Getting smart is big business. Work smart, not hard and you could find yourself better off all round!
Lots of us say we want to work smart, not hard. In fact, we can often reflect on the day and wish we’d not spent as much time doing something, or spending more time doing something else.
Technology companies (and their marketers) know this too. Think about all of the products you have that are branded “smart”. Your phone, your home, your car – even your kitchen appliances. These are all things designed to work for you more conveniently or more quickly.
Why work smart?
You should work smart, not hard because that is the key to greater productivity.
Hard work is mentally and physically exhausting. It draws off energy that you need to maintain things that really matter in your life, like your family relations and friendship. Instead of working yourself to exhaustion, figure out ways to work smarter. Find ways to achieve the same desired outcome, but with less energy.
Not only will you become happier, but saving effort also saves money. Streamlining process to save costs makes you a more valuable resource to your employer. This, in turn, makes you feel more confident, more inspired, and more willing to do whatever it takes whenever necessary.
Working smart doesn’t mean you don’t work hard. However, when possible, do your work in short bursts rather than in long, sustained pushes. Fifteen to twenty-minute intervals with a five-minute “pause” to plan where you’re going next with the project will give you more energy and produce a better end product than if you have to pull it together at the last minute.
Need some tips to work smart, not hard?
Prioritise what you must do, delegate everything else. Balance your priorities with practicalities. Got a non-urgent job, that only takes 10 minutes? Do it now and get it off the desk. More than 10 minutes, then schedule it in and give it the priority it deserves.
It is easier said than done, plus, we are all guilty of getting caught up in tasks we shouldn’t be doing. Those jobs then end up taking priority over what we should be doing. However, we should always remember to make our own tasks a priority.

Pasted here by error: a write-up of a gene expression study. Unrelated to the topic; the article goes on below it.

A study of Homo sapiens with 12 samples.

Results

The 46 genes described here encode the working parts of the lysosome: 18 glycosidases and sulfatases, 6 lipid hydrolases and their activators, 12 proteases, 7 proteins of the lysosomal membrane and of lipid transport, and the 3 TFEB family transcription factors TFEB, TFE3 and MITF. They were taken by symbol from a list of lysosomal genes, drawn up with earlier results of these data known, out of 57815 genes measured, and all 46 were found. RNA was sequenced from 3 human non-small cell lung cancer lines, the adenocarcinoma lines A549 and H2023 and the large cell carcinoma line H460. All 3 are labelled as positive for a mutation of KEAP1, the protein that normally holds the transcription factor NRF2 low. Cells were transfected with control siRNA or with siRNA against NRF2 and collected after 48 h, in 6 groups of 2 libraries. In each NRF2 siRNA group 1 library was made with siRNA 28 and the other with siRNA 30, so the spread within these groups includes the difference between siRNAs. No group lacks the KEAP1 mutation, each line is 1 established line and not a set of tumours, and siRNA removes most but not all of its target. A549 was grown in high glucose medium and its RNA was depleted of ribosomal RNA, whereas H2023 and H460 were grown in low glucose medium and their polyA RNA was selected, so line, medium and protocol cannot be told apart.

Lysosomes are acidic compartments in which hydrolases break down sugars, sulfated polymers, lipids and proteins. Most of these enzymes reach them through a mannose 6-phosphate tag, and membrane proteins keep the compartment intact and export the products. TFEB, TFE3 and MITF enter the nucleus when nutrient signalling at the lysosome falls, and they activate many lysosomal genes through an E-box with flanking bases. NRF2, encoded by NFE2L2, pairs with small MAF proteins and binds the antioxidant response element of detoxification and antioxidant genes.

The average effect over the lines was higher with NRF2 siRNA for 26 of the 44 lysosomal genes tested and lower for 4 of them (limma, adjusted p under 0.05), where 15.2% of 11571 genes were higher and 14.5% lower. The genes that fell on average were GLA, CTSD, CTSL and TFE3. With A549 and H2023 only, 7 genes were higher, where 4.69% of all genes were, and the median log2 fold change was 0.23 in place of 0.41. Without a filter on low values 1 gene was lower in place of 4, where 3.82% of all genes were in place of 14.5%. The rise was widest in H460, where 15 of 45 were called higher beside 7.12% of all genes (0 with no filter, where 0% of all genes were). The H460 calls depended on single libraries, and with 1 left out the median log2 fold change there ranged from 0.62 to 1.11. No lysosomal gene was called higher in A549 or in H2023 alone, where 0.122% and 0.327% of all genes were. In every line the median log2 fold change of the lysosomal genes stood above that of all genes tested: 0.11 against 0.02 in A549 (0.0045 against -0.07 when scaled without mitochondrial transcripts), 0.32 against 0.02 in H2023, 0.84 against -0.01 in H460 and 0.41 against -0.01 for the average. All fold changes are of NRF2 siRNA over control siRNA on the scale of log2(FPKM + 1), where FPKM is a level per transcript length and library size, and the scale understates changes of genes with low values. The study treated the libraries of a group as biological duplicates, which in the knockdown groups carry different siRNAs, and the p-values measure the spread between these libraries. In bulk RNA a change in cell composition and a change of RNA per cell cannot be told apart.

Each person is responsible for their own work, but it is possible for a whole team to work smart, not hard. Try considering how each person’s strengths can be used to get the job done.
Make sure this is managed effectively. Without a clear and concise process to stick to, employees and employers may find themselves running in circles. This leads to extra work, simply due to being unorganised. With a detailed, proper plan in place for every step of a project, employees can rely on this when problems arise and can give them the ability to work more efficiently.
Keep meetings succinct
We’ve all been there. You know, those meetings. The ones that go on and on, you start thinking I’ve got better things to do than this! Try to limit meetings to 30 minutes where possible, with a specific desired outcome.
If you don’t think you can cover everything in 30 minutes or certain people can’t contribute to the outcome, then you probably need a few 30-minute meetings with different groups of participants. Long, tedious or irrelevant meetings are not just a time suck for individuals, they are a drag on effectiveness.
Do one thing at a time
A lot of people think working smarter means multitasking, but not always. The truth is, you are much more productive if you do one single thing at a time. Chart your day, figuring out a to-do list and focus on the most important task first. You might actually find you need to slow down a bit, in order to improve productivity.
This may sound counterproductive, but slowing down and thinking about the approach to a situation will help you identify more efficient ways of accomplishing the same task or project. Just five minutes of thinking before doing will help you consider the domino effects of your actions.
By slowing things down, you may not achieve productivity, but you can still achieve value. Psychologist Morten Hansen describes a similar concept in his book “Great at Work”. He says that preoccupation with our own objectives (or productivity, “getting things done”), often serves as an obstacle to advancing our agenda. In other words, working on one thing at a time can still achieve value, even though it is low productivity.
Use technology to your advantage
There is a tech platform for almost every aspect of business – project management, sales, client interaction scheduling, employee management, etc. It’s important to keep your eyes and ears open for new tech and embrace it. Often times, technology means streamlining efforts and automating tedious work, which frees up time for more important and productive tasks. If you truly want to work smarter, not harder, technology can be an extremely cost-effective way to help you achieve this.
It is possible to work smart, not hard, in all things you do. If you are finding yourself stressed out with very little time for yourself, you might want to follow some of these tips for yourself!